A worker stands in a construction project in a <em>favela</em>, or shantytown, in Rio de Janeiro, Brazil. The government has helped drive down income inequality by investing in basic services like health care, education and pensions.
Mario Tama
Getty Images
A worker stands in a construction project in a favela, or shantytown, in Rio de Janeiro, Brazil. The government has helped drive down income inequality by investing in basic services like health care, education and pensions.

It's a shocking statistic that caught the world's attention last week: Just eight men own the same wealth as 3.6 billion people living in poverty — that's half the population of the planet.

It comes from a new report by Oxfam, using 2016 data from Credit Suisse's Global Wealth Databook and the Forbes billionaires list. While the stat dramatically shows the "sheer magnitude of the gaps between the rich and poor," says economist Francisco Ferreira of the World Bank, it doesn't tell the whole story.

It doesn't, for example, "tell us whether inequality has changed over time," he says. Or "include other dimensions of well-being" like health or education, says Diana Alarcon, chief of the development and policy unit of the U.N. Department of Economic and Social Affairs.

There are other ways to examine global inequality, they say. Here are three sets of data from Ferreira and Alarcon that put Oxfam's figure into context.

Income inequality has declined over the past 25 years

Oxfam's stat shows what people own, not what they earn, says Ferreira. If you look at the income levels around the world, you'll find that inequality in global incomes has steadily declined over the past 25 years.

/ World Bank
World Bank

To measure income inequality in a population, the World Bank uses something called the "Gini index" (named after Italian statistician Corrado Gini, who developed the formula). A Gini score of zero in a country or region means that everyone has the same income — for example, workers in a utopian commune. A score of 100 means all the income in let's say, a kingdom, is earned by a single person, like the king. The Gini index for most countries hovers around 30 to 50. The most unequal countries in term of income distribution, according to the Bank, have Ginis above 60. (Note: In the chart, the figures are expressed in decimals).

The Bank's global Gini index reveals a downward trend when it comes to income inequality. In 1988, the Gini index worldwide was 70. In 2013, that number was 62.5.

Researchers credit the overall decline to a few things. Globalization has helped create new jobs and boost income for people in many parts of the world. Government investments in basic services like health care, education and pensions, as in the case of Brazil, have improved people's chances of success in life. And progressive tax programs on corporations and the wealthy have narrowed the gap between the rich and poor in countries like Chile and Mexico.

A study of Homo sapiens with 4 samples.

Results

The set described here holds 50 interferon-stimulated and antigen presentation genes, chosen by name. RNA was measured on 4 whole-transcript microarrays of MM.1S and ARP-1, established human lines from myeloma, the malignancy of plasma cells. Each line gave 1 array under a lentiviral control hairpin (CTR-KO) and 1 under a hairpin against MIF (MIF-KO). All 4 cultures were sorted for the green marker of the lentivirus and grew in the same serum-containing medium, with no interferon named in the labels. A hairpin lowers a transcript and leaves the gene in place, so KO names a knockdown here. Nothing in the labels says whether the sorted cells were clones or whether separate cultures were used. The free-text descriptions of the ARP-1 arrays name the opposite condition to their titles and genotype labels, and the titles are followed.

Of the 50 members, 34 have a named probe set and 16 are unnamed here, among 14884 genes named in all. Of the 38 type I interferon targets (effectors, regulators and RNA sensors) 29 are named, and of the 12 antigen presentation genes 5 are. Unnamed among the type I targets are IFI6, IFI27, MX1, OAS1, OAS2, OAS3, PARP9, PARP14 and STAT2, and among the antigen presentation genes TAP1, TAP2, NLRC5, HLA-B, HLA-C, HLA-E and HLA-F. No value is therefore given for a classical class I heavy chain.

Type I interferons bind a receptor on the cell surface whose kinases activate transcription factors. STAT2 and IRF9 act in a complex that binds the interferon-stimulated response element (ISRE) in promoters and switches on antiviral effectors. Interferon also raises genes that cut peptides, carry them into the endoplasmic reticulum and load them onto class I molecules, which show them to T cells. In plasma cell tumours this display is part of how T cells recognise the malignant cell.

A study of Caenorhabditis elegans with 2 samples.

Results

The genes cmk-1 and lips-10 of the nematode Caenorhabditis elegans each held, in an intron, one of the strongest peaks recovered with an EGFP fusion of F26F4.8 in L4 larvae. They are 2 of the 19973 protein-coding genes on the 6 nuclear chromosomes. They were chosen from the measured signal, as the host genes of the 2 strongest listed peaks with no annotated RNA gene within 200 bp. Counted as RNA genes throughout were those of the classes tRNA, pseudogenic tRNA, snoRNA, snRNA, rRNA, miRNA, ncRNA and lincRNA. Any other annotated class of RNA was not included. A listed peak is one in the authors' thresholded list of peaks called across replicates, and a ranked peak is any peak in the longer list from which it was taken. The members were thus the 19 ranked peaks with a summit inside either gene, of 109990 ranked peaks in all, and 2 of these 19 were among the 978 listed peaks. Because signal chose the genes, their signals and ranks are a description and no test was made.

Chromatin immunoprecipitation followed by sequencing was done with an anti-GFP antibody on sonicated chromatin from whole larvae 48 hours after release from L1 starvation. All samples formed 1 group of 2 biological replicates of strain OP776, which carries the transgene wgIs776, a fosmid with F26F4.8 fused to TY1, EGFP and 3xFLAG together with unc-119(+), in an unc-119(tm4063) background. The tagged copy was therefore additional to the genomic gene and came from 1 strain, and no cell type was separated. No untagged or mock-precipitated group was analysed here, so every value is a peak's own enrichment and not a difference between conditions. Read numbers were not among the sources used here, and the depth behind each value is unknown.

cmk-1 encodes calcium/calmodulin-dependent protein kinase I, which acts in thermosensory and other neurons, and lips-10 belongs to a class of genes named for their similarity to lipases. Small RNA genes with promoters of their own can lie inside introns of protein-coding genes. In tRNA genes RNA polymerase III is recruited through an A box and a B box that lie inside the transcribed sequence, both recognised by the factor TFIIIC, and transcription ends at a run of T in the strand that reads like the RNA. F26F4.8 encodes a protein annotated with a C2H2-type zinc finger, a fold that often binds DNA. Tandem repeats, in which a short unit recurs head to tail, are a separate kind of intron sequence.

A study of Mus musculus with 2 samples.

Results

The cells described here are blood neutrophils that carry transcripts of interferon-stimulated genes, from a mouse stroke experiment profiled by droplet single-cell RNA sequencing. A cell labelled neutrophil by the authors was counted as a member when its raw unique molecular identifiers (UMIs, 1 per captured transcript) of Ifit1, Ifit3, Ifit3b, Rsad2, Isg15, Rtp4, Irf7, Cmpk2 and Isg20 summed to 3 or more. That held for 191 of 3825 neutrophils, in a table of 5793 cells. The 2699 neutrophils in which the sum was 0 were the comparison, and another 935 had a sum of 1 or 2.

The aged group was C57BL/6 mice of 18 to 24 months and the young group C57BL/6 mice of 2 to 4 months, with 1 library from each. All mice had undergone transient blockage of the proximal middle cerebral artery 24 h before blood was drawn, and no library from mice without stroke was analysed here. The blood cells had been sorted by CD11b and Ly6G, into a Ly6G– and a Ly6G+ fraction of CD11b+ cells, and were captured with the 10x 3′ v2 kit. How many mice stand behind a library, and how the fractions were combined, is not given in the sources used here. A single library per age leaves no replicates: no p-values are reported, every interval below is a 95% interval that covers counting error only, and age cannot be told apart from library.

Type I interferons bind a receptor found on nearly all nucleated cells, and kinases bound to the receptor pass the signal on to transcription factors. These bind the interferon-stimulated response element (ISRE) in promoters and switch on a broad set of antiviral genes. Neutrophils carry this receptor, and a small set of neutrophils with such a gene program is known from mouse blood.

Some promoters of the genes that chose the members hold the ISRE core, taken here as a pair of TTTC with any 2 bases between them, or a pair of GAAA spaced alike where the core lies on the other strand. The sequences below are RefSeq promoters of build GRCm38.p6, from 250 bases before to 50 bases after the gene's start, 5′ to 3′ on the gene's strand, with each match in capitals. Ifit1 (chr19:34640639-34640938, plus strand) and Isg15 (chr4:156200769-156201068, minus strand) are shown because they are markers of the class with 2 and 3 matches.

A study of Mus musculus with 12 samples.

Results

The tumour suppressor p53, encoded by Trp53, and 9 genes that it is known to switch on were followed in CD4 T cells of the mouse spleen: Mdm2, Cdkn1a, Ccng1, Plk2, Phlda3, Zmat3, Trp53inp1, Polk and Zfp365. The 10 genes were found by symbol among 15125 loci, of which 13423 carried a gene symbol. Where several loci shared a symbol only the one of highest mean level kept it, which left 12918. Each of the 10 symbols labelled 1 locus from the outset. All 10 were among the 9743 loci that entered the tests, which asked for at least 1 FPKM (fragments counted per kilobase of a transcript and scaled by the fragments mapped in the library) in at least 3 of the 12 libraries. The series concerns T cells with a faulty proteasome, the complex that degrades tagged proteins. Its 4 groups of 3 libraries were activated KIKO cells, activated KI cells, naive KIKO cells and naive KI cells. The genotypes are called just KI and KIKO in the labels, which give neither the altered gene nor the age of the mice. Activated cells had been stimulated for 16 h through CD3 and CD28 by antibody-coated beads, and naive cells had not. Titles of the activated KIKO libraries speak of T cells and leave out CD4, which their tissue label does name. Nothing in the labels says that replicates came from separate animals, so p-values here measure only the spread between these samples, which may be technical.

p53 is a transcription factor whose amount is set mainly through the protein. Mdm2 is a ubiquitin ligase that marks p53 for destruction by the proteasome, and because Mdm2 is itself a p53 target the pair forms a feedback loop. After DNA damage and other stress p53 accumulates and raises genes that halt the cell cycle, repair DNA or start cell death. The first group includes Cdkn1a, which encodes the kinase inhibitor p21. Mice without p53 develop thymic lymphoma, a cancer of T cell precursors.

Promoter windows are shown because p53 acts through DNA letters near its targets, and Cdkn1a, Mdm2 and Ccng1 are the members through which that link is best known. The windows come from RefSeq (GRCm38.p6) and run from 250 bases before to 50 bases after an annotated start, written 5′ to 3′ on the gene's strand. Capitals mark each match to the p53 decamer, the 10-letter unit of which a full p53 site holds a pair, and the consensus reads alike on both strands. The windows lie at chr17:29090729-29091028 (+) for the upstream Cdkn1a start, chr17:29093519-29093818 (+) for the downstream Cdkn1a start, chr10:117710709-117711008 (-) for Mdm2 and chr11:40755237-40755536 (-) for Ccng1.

Still, economists aren't totally optimistic. "It's clear that the levels of inequality are deeply disturbing," says Ferreira. "But recent progress shows that it's possible for countries to reduce inequality if they choose to."

Asia has benefited the most

While globalization and other factors have helped reduce income inequality over the past couple of decades, it's only "created a lot of wealth and richness and income" in a few parts of the world — namely, Asia, says Alarcon.

Rapid economic growth in China and India have helped boost incomes in the region. According to a 2015 report on inequality by UNDESA, a person living in Asia could only expect to earn 14 percent of the average citizen's income in a developed country. In 2014, that number nearly doubled to 25 percent (although that's still just a quarter of the average income in a developed country).

If you remove Asia from the equation, you'll see a very different story in the rest of the developing world. You'll find that "for the average Joe, they haven't seen much improvement to their standard of living," says Alarcon.

Wealth alone doesn't determine quality of life

How much a person earns or owns is not the only indicator of well-being, says Alarcon. You also have to look at access to education, proper housing, health care and decent jobs. "In those dimensions of development, progress has been made," she says. "Although large inequalities remain."

For example, more children around the world are in school than a generation ago. According to the U.N.'s Report on the World Social Situation 2016, the ratio of children enrolled in primary school was 93 percent in 2015, up from 84 percent in 1999.

Advances in health care have helped increase chances for child survival and improved life expectancy around the world. Between 1990 and 2015, the yearly number of deaths in children under five declined from 12.7 million to 6 million. And people are living longer. In 1990, the average life expectancy was 65 years. In 2015, it bumped up to 70.

Money may not be the only thing that matters, but it sure helps. "If wealth and income distribution improved, achievement on quality of life would improve faster for a larger group of people," says Alarcon.

Copyright 2020 NPR. To see more, visit https://www.npr.org.

Malaka Gharib is deputy editor and digital strategist of Goats and Soda, NPR's global health and development blog. She reports on topics such as the humanitarian aid sector, gender equality, and innovation in the developing world.